Redefining Traditional Value Propositions in Banking
The value that banks deliver to customers is changing – that is one of the currents that runs through Joseph DiVanna’s excellent Redefining Financial Services. I’ve been reading this book (and a few others of DiVanna’s) to better understand where my own company, Zafin, fits into the value proposition of banking services in general. We make pricing and billing solutions for banks, and at least when I joined, I struggled to figure out what that meant exactly. On the face of it, it was quite simple – banks apparently required solutions for pricing and billing problems, and we apparently made those. The fact that I do not come from a banking background of course put me at a disadvantage – yes, I had studied finance and to a lesser extent, banking, during the MBA, but I found it difficult to understand how these enormous organizations could not solve their own pricing and billing problems. That all changed once I read DiVanna’s book.
The brilliant thing that DiVanna does in Redefining Financial Services, is to put the problem into context, specifically a historical context. I had never considered why banks existed in the first place – this somewhat obvious question, despite having a history degree and having studied the medieval period when banking was born, had never dawned on me. If you asked me before I read this book why banks exist today I probably would have said ‘so people have a safe place to store money (ie. surplus)’, and while on the surface that is true, there is much more to the historical context than that.
For example I had never considered the obvious implication that someone living in 1250 AD did not at one point say ‘hey, we should have a bank so we can put our extra money in it’ – but if you stop and think about it – of course that could never be true. You cannot conceive of an invention without first having a need (or what do they say? Oh yes, that necessity is the mother of all invention.) So where did that impetus come from? People were beginning to embark on increasingly risky and lucrative international trade, and were finding that disparate geographic transactions were fraught with known and unknown risks, some of which included identity risk, currency risk, credit risk, and goods risk – ie., here I am with these spices in present day Turkey, how do I get them on a boat, get them over to Italy, find a buyer, collect on the goods (in a different currency mind you), and then get my surplus back home again? When you think of embarking on a transaction like that in the absence of a bank, it boggles the mind that international trade ever existed at all. In any case, some brilliant entrepreneur saw that there was an opportunity to provide guarantees on transactions in different forms, and thus value was offered in the form of contracts that could underwrite this precarious trade.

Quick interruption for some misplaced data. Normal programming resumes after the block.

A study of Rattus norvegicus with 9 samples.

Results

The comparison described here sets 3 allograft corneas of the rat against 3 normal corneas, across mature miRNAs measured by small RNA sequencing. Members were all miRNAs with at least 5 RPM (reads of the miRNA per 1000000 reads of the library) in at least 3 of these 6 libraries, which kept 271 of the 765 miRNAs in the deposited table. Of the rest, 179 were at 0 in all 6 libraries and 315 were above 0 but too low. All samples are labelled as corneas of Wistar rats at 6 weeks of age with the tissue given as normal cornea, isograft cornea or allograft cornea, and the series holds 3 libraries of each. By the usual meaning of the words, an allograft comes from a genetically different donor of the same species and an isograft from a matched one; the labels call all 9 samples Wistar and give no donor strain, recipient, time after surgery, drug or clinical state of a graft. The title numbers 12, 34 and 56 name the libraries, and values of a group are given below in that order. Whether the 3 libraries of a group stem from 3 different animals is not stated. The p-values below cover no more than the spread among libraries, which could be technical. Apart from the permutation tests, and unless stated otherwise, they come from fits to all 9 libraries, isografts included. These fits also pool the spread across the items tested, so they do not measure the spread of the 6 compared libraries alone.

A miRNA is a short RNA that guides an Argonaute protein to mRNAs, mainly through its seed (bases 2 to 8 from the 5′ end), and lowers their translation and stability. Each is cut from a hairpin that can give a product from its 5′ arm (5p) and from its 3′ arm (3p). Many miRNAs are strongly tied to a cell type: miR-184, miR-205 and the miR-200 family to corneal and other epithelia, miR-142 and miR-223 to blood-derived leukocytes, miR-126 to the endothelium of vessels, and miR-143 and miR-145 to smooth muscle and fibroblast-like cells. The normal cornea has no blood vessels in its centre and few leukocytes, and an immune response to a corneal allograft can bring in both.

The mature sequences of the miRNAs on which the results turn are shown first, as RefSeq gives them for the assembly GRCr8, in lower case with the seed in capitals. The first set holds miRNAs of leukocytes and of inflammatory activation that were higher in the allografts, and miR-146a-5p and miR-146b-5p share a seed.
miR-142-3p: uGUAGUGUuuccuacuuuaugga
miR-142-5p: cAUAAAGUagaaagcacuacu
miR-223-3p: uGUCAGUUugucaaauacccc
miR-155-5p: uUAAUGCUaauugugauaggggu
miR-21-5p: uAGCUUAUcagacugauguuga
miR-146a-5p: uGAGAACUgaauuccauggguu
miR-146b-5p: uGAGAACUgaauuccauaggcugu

Fast forward to the modern day – and we see that banks are now in the position where some of that value has been eroded through the invention and commoditization of technologies that can deliver that same value much more easily (ie. cheaply), and we find that we live in a world of online only banks pushing margins on much more established, traditional banks.
What DiVanna then posits is that there are still means for banks to differentiate in the face of this competition to deliver more value to customers. One such example is through innovative pricing and specialized bundling of banking products. DiVanna notes that:
“…small businesses – especially one- or two-person shops or home-based freelancers – are not always well suited to a bank’s product and service offerings, which are laden with fees designed for larger retail and corporate clients.”
~ Joseph DiVanna, Redefining Financial Services, page 94.
Redefining Financial Services: The New Renaissance in Value Propositions
This sentence succinctly puts forth the value that Zafin Labs delivers to its client banks – our software solutions work within complex banking systems to pull out meaningful data that can be acted upon, and then to allow banks to innovate by making it easier for example to create new products within a banking production environment. To think of it another way, banking systems have generally been designed with security, and not necessarily agility, in mind. Our innovation is, like the earliest bankers, to see an opportunity (innovation agility) within a difficult problem (complex, layered banking systems). Based on the quote above, there is no reason banks should not be able to offer the right bundles of products to the right customers.